Does the world still run on paper documents? No… and yes.
To be sure, vast quantities of documents and data reside on servers. This material is accessed worldwide, millions of times per second, 24 hours a day. It’s typically delivered from web server to browser in HTML, the core language of the web.
We trust this content. HTML is used to deliver booking systems, online shopping, bank account status, sports scores, airline reservations and FaceBook, among many other things, with near-total reliability.
But when delivering a finished document – a bank statement, a signed contract, a disclosure form, an official notice, a formal report – HTML is less appropriate. PDF is preferred.
Most people never think about why they trust PDF for critical or accountable content any more than they think about plumbing when they turn a tap for some water.
What is it about PDF?
Why is PDF the format of choice for important communications, negotiated documents and formal records?
The reason is simple, and underlies the inherent difference between HTML and PDF:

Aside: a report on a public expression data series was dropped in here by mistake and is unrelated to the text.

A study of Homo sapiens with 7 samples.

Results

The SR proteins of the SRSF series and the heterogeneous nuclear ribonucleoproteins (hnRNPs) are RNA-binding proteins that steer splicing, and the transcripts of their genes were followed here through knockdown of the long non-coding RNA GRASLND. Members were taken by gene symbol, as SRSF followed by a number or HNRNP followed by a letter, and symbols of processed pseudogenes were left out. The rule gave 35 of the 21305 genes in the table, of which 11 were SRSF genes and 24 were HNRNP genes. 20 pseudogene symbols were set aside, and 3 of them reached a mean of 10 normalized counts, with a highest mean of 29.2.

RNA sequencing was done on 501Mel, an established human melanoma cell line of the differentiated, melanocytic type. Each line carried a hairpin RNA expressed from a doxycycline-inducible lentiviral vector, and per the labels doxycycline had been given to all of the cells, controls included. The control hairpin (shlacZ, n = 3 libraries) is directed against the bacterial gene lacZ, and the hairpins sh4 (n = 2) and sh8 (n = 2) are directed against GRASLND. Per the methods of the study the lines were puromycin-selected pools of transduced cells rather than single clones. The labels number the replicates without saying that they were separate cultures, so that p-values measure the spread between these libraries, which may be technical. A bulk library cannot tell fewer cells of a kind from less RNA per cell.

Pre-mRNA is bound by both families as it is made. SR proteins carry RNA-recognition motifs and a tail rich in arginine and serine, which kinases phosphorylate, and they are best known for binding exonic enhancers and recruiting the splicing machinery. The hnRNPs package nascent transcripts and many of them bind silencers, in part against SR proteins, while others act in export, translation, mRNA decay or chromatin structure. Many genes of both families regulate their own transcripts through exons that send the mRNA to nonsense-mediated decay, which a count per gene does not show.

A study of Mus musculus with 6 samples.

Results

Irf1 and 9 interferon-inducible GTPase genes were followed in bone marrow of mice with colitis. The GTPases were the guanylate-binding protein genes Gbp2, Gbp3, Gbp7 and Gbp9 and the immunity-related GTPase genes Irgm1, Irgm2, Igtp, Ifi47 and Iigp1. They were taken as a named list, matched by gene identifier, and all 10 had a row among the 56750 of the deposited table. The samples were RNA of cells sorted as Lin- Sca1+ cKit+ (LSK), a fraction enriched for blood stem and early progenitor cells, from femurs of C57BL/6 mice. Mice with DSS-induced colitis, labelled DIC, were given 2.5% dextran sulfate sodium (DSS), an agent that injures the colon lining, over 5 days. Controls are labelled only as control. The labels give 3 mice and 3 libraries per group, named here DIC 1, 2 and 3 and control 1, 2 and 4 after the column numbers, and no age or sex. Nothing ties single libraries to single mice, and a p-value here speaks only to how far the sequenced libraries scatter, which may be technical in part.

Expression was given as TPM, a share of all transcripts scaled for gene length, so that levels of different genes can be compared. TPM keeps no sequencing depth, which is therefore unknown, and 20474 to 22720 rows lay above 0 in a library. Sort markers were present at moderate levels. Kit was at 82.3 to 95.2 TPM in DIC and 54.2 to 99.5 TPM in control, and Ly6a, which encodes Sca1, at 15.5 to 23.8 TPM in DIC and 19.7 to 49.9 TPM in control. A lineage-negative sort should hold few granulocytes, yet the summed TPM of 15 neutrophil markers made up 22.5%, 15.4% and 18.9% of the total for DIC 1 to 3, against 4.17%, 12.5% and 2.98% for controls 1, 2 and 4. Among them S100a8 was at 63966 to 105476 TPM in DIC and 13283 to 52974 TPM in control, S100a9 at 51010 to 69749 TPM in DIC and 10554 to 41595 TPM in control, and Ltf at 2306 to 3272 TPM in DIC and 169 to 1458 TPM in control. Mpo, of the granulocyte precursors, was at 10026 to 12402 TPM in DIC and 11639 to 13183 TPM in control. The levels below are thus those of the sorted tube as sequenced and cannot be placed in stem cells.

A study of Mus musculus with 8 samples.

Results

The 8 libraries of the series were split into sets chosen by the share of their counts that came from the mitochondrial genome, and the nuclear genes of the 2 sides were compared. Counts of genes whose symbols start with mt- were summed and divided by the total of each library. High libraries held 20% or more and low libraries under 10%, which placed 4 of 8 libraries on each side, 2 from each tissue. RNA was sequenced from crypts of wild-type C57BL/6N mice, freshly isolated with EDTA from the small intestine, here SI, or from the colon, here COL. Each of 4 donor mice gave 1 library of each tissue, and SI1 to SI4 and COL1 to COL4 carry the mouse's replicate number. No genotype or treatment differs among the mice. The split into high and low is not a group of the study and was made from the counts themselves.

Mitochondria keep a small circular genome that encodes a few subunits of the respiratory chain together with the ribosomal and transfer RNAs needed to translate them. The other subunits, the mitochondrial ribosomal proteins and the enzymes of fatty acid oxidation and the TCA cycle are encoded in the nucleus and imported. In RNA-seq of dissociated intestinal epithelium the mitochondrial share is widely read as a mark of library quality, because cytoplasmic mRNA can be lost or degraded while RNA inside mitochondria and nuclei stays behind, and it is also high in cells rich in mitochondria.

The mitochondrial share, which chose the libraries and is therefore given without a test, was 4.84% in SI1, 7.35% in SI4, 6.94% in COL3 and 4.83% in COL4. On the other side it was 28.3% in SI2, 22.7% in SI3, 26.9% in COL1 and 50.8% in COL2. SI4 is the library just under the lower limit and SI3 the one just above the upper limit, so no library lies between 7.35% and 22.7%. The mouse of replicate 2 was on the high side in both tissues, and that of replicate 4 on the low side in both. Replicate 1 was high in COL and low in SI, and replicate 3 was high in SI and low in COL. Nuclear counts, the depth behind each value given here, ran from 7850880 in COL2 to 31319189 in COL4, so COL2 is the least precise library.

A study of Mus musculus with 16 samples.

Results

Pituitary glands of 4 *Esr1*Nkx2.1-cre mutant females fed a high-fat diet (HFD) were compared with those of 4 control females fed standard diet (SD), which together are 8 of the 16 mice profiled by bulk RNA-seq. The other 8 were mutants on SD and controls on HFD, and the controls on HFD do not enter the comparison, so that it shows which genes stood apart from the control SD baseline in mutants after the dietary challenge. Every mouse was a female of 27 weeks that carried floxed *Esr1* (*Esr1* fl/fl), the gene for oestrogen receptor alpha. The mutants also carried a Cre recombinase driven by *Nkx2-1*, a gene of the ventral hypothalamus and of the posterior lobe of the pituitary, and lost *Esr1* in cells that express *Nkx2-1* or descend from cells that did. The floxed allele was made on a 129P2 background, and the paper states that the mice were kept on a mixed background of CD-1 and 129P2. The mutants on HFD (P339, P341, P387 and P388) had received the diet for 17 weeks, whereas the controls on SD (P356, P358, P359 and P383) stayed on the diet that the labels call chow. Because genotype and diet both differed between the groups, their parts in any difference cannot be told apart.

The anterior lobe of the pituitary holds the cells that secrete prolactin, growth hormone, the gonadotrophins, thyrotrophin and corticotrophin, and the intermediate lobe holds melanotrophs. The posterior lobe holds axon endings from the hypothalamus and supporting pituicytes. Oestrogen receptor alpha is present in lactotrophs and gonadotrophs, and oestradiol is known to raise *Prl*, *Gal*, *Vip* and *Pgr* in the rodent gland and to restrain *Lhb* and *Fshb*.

- PDF documents are fixed and self-contained. The software either works or doesn’t work, and there’s no dependance on a server. If the file is in your possession, no-one else can change its content or appearance.
The problem with web pages is impermanence, and not just because the way the document appears is up to the browser. You’re depending on a link to resources someone else owns and tends. Unlike a file on your own hard-drive or in your own cloud, the actual contents of HTML pages can change without notice.
It’s for this reason that when you need to prove something, or want to be certain that everyone sees the same thing, you use PDF.
PDF is forever. HTML depends on context.
When you need to hold a company, government agency or individual to account.. you choose PDF.
When you need to prove something… you choose PDF.
That’s why PDF is so vital to democracy.